No one can follow them all, or even a meaningful fraction of them. To check the pulse of the global economy and get a feel for where we're heading next, you have to focus on the few variables that really count.

But what are they?

Two weeks ago, I sat with PIMCO CEO Mohamed El-Erian. I asked him to share a few of his favorite metrics for gauging the state of the global economy. Here's what he had to say (transcript follows):

Morgan Housel: With that much information out there, what are, let's say, your top three favorite metrics to judge the health of the global economy?

Mohamed El-Erian: That's a great question. I spent a lot of time on employment indicators. I think we've entered a time where employment indicators are not lagging indicators, as is conventional wisdom, but are leading indicators. Then we have to understand what's going on on the employment front -- to understand what's going to go on on the political front, the policy front. And we should have no doubt that today, markets are much more dependent on policymakers than at any time that I can remember, because we have what I call noncommercial players in markets. When the Fed comes into a market buying mortgages, buying Treasuries, it changes valuations across all markets, and we have to respect that. So the first thing I've spent a lot of time on is the employment number.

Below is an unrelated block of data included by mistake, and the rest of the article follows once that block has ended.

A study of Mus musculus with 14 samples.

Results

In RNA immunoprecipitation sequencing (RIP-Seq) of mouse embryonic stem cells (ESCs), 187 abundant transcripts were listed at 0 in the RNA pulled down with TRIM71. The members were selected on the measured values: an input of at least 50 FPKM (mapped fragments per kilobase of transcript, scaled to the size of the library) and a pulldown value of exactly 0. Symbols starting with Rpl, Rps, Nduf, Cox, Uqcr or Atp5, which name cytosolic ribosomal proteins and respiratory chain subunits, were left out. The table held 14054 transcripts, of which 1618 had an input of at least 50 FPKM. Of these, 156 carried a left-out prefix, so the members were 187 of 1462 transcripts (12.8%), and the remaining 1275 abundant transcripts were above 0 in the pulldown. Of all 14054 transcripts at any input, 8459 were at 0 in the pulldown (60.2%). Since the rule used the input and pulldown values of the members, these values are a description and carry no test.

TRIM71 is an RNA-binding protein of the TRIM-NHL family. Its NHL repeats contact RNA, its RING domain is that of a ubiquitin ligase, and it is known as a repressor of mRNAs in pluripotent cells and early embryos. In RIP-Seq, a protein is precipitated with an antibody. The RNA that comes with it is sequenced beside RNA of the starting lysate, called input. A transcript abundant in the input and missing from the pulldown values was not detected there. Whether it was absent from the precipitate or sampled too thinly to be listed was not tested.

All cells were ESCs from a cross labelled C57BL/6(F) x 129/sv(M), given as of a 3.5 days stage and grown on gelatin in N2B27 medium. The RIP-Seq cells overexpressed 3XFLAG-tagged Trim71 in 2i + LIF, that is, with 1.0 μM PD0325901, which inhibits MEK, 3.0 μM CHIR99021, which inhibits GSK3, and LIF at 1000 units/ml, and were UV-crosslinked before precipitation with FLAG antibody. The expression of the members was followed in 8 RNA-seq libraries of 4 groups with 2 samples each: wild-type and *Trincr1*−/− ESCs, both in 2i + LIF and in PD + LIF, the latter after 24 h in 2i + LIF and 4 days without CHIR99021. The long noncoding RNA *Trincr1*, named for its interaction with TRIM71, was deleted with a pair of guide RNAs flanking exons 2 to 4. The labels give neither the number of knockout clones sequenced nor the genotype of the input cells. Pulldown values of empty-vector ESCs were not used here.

Secondly, there are certain economies that I think are absolutely critical in telling you whether the new normal, the global economy of tomorrow, is interacting well with the global economy of yesterday. Think of Australia or Canada. Both of them have old-economy tendencies. In the case of Canada, it's highly dependent on the U.S. In the case of Australia, it has a lot of leverage in the household sector and the housing sector, but they also have new-economy tendencies -- the exposure to China, to commodities. So just observing what's going on in these countries gives you a real insight into how's the battle between established and establishing going on. Is the system accommodating them both, or the friction's really high?